Sundance 2022: Given access to a program designed to give former Gitmo detainees a second chance, Meg Smaker is privy to viewpoints Americans rarely hear

The mere idea of a center to help reform terrorists will already anger certain segments of the population, so a documentary about it should absolutely piss them off. For those open to finding out why some individuals turned to terrorism, “Jihad Rehab” will be riveting viewing.

To get to that point, however, requires an open mind, and for American viewers, in particular, to let go of what they think they know about Al Qaeda and other similar factions. Given the emotional toll of 9/11 that still hangs over this country, that’s a big ask. Knowing that filmmaker Meg Smaker, who wrote and directed “Jihad Rehab,” is a former firefighter herself might help ease doubts regarding her motivation.

It’s a story, however, that cannot be told without talking about the United States, particularly the Guantanamo Bay detention camp where the men interviewed were held — not for a few hours, a few days or even a couple of years, but for as many as 15 years (and typically no less than a decade) without any charges filed against them. Because Nadir, Mohammed and Ali — the key focal points in the documentary — are now all grown men, mostly in their 40s, it will be hard for some to remember that these men were were in their late teens and early-to-mid-20s when the crimes of which they are accused occurred.

Some viewers might see them as monsters and won’t care how they got there. Smaker cares enough to risk telling this story, one that veers far off the American script regarding anything or anyone associated with Osama Bin Laden, Al Qaeda or the Taliban.

Smaker in no way presents these men as innocent. What she does do, however, is provide the context in which they came to their crimes. Ali was practically born into his: As the younger brother of a key terrorist, he was pushed into actions of which he was not fully aware and, later, tagged guilty by association. Whether Smaker intends it or not, it is nearly impossible to watch “Jihad Rehab” without comparing the motivations that led these men to join terrorist groups at young ages and those that lead young Americans to join gangs or even the military. Root causes like poverty and disenfranchisement, it turns out, are major factors, all around the world.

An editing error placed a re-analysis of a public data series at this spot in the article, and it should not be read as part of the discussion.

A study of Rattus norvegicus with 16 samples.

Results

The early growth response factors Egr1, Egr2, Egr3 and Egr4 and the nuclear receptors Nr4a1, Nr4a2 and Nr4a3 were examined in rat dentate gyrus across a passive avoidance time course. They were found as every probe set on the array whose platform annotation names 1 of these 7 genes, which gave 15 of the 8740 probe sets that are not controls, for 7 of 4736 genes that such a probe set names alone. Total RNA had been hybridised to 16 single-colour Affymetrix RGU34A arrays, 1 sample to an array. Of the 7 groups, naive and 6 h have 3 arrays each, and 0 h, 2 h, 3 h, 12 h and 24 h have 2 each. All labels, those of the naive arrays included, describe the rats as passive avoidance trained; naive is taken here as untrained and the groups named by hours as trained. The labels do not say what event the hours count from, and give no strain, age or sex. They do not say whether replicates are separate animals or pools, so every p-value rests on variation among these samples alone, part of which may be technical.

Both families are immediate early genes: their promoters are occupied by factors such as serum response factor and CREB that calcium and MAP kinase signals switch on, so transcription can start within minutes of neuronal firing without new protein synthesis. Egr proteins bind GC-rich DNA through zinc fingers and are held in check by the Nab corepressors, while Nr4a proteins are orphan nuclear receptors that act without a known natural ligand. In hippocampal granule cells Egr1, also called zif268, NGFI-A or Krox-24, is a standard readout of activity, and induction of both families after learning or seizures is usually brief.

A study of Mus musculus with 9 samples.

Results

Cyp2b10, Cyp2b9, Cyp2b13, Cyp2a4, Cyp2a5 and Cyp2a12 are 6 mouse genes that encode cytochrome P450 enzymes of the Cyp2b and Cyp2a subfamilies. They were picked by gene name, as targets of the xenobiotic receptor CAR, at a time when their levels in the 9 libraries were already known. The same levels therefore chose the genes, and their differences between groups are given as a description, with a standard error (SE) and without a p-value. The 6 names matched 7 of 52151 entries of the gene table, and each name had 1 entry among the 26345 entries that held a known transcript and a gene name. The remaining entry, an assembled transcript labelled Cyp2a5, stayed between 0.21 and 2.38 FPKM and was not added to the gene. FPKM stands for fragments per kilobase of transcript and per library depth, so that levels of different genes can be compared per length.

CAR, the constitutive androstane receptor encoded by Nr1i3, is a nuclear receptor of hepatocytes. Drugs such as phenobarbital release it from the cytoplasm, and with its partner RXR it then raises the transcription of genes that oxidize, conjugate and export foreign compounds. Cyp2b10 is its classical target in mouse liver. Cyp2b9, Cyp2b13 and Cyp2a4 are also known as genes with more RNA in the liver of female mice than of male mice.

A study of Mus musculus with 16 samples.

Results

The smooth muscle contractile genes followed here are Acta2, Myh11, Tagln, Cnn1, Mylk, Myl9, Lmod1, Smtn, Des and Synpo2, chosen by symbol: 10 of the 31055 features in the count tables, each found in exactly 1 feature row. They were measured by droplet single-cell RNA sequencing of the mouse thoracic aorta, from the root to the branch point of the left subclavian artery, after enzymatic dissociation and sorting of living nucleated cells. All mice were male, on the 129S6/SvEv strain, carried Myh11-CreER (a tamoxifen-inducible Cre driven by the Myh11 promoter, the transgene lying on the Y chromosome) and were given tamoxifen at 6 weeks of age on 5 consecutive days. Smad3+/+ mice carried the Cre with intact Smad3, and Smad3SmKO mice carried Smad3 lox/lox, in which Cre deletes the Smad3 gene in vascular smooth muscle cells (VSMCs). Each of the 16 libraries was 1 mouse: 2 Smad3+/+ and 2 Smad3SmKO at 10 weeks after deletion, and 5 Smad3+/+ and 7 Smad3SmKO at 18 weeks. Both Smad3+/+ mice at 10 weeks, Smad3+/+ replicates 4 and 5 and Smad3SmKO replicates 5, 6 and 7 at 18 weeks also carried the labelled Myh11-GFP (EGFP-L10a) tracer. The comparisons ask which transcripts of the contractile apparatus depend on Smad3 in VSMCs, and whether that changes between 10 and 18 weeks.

The bulk of the documentary unfolds at the Mohammed Bin Naif Center, where the men have arrived through a Saudi-American arms deal in which the Saudi leadership agreed to take them. Somehow, a belief emerged that they and other men like them could be reformed, and they were put through an extensive program that attempted to teach them how to handle finance, court women, engage with those who disagree with them without resorting to violence, and other life skills. It’s an interesting project whose goals parallel American debates about other kinds of rehabilitation efforts.

As the men go about reclaiming their lives, however, politics get in the way. Changes in leadership, “Jihad Rebab” shows, have very real consequences as the road to redemption encounters very serious roadblocks, eventually producing conflicting feelings. Should men who admit to making bombs that killed innocent people even get a second chance? Is redemption possible, and are any of these men even worthy of it?

How Smaker even gets to these questions, or this story even, is remarkable in itself. As a young adult who lived in Afghanistan and later Yemen (where she learned the language), she found herself uniquely positioned to tell this story. Her backdoor connections, she admits in the film’s production notes, got her access that was denied to other far more powerful entities. Because she spoke the language, she was able to form a connection with many of these men, which allowed them to open up. It’s a portrait we have rarely, if ever, seen from an American filmmaker who shares no ethnic or religious connection to their subjects.  

It’s hard to overstate the power of Smaker’s debut documentary. Americans, in particular, are rarely presented with viewing options asking them to dig deeper when it comes to discussing terrorism from this region of the world, and so there’s bound to be criticism. For those open to in-depth conversations about how we can truly identify, and perhaps even solve, the key problems behind this never-ending cycle of violence, “Jihad Rehab” will be a revelation.

“Jihad Rehab” makes its world premiere at the 2022 Sundance Film Festival.